It is unlikely though you’ll be picking up any Tocosh (fermented potatoes) from the local shops though. Even the book’s author has to get them from a village 12000 feet above seal level.
You can however follow his method for making them yourselves, it only requires a stream, a three foot deep hole, some ichu, a tall grass native to Peru and a 45-day wait.
Central is a cookbook yes, but it is more a record, a philosophy, a statement of intent and one man’s unique vision. Virgilio Martinez is the chef/owner of Central in Peru If we look at his entry in World’s 50 Best Restaurants we find the following.
Central takes guests on a culinary expedition through Peru’s ecosystem, from the Amazon to Pacific coast. Chef VirgÃƒÂlio MartÃƒÂnez and his team forage in the jungle, desert, mountains and sea to discover diverse local ingredients found at every altitude.
So, you know, don’t expect to drop in for a snack if you’re hungry.
He is an intense-looking bearded young man, every female food-blogger’s dream date, and he is uncompromising. He will not use any product or texture not found in Peru. Everything in the kitchen is traceable back to somewhere in the country. He has travelled the world cooking, but now back in his native country he is recreating, reinventing even, the cuisine.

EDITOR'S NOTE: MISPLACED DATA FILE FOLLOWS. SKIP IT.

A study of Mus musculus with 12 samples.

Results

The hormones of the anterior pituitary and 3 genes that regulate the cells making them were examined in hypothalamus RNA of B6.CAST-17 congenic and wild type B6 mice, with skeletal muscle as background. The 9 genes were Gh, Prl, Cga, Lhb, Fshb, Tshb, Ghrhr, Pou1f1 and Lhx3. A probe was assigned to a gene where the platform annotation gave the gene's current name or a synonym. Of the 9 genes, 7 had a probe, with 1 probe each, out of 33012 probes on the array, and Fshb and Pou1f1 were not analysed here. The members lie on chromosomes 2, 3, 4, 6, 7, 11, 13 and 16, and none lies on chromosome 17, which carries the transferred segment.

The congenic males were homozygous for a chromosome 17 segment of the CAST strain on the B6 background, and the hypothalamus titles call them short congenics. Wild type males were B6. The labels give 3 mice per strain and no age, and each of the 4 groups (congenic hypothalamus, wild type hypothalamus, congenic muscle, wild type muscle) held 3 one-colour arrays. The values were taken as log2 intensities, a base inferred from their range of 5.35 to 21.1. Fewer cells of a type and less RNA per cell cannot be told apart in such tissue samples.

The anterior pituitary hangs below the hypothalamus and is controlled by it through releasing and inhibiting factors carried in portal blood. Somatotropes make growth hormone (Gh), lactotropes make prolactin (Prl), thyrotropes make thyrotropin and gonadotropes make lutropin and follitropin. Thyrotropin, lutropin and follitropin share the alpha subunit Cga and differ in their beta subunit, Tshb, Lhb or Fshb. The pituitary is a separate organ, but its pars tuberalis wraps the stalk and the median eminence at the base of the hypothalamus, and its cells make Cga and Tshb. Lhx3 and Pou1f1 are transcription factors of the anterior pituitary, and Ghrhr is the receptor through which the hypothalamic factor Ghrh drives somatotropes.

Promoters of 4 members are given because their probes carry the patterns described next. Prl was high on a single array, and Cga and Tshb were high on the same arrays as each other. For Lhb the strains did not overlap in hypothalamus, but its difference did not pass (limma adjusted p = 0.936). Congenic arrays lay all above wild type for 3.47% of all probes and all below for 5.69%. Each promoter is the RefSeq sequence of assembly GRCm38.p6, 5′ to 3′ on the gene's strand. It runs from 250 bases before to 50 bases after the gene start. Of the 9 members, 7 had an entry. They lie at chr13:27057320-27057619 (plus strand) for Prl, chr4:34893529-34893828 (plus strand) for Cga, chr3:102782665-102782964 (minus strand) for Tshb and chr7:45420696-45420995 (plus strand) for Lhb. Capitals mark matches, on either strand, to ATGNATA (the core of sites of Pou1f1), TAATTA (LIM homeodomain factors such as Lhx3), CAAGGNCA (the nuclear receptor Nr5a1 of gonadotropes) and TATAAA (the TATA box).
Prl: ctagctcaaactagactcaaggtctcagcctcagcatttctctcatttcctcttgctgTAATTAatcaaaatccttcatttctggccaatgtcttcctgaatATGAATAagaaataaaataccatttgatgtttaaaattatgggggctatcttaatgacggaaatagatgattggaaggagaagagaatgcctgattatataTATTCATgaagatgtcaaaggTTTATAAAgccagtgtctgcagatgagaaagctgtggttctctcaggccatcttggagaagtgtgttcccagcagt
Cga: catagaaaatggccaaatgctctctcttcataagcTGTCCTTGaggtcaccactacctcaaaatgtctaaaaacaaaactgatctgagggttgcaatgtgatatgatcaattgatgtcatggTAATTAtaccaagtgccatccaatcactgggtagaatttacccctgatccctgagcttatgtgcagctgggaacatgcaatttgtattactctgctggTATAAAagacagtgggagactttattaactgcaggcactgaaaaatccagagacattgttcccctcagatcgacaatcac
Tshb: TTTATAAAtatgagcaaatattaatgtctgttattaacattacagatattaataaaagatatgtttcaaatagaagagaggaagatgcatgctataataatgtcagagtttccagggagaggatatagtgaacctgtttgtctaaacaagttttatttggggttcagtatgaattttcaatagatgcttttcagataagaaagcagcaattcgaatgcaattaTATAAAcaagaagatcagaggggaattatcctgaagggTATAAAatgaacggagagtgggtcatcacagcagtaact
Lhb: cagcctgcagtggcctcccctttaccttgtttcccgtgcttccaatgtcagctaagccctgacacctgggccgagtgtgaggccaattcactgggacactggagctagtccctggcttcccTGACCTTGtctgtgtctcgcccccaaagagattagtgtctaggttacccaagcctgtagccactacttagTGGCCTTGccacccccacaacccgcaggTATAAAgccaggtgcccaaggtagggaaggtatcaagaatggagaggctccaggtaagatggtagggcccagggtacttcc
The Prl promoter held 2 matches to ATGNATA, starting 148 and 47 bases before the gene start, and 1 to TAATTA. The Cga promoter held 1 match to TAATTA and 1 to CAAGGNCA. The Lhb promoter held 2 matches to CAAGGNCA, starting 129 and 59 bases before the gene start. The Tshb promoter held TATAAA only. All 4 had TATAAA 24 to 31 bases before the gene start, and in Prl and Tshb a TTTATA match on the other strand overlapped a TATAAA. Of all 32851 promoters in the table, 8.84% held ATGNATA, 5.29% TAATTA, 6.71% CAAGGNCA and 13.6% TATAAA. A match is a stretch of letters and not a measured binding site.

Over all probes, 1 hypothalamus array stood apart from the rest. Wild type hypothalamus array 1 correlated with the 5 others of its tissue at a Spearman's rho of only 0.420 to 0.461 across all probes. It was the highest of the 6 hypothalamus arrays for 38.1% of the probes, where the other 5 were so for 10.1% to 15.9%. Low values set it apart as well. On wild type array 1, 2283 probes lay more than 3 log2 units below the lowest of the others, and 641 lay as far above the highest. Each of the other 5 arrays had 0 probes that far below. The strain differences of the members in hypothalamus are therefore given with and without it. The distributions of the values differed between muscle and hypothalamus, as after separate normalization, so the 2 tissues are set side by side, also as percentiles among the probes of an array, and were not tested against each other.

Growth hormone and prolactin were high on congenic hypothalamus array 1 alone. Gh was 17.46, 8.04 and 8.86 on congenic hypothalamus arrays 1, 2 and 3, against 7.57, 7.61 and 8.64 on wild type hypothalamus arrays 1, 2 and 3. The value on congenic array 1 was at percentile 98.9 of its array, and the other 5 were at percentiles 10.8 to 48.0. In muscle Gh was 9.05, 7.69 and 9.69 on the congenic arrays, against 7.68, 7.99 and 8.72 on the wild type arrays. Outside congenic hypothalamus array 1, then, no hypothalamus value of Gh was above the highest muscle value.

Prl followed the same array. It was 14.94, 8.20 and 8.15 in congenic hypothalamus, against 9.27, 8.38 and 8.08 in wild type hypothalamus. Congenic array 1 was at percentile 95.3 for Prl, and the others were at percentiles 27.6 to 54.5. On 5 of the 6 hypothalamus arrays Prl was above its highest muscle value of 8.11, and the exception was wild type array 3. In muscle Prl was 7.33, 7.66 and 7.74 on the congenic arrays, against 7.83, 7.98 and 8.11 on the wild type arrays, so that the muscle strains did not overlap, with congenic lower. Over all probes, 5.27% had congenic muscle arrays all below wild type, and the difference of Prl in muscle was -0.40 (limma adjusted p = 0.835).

The book was written in collaboration with with the food and travel writer Nicholas Gill, who is not to be confused with AA Gill’s long lost brother, and is text heavy to explain Martinez’s philosophies and tell his stories. Just as occurs in the restaurant, each chapter ranges across different altitudes of Peru from the Pacific up to the Andes and the depths of the rainforest with MartÃƒÂnez adding notes about his journeys and recipe development.
It’s a book to enjoy as a book, a fascinating read and insight into a country and cuisine most of us have only a glancing acquaintance with.
You may not find one ingredient in the book available here, edible clay anyone? But you will find yourself impressed and overawed and booking a flight to Lima.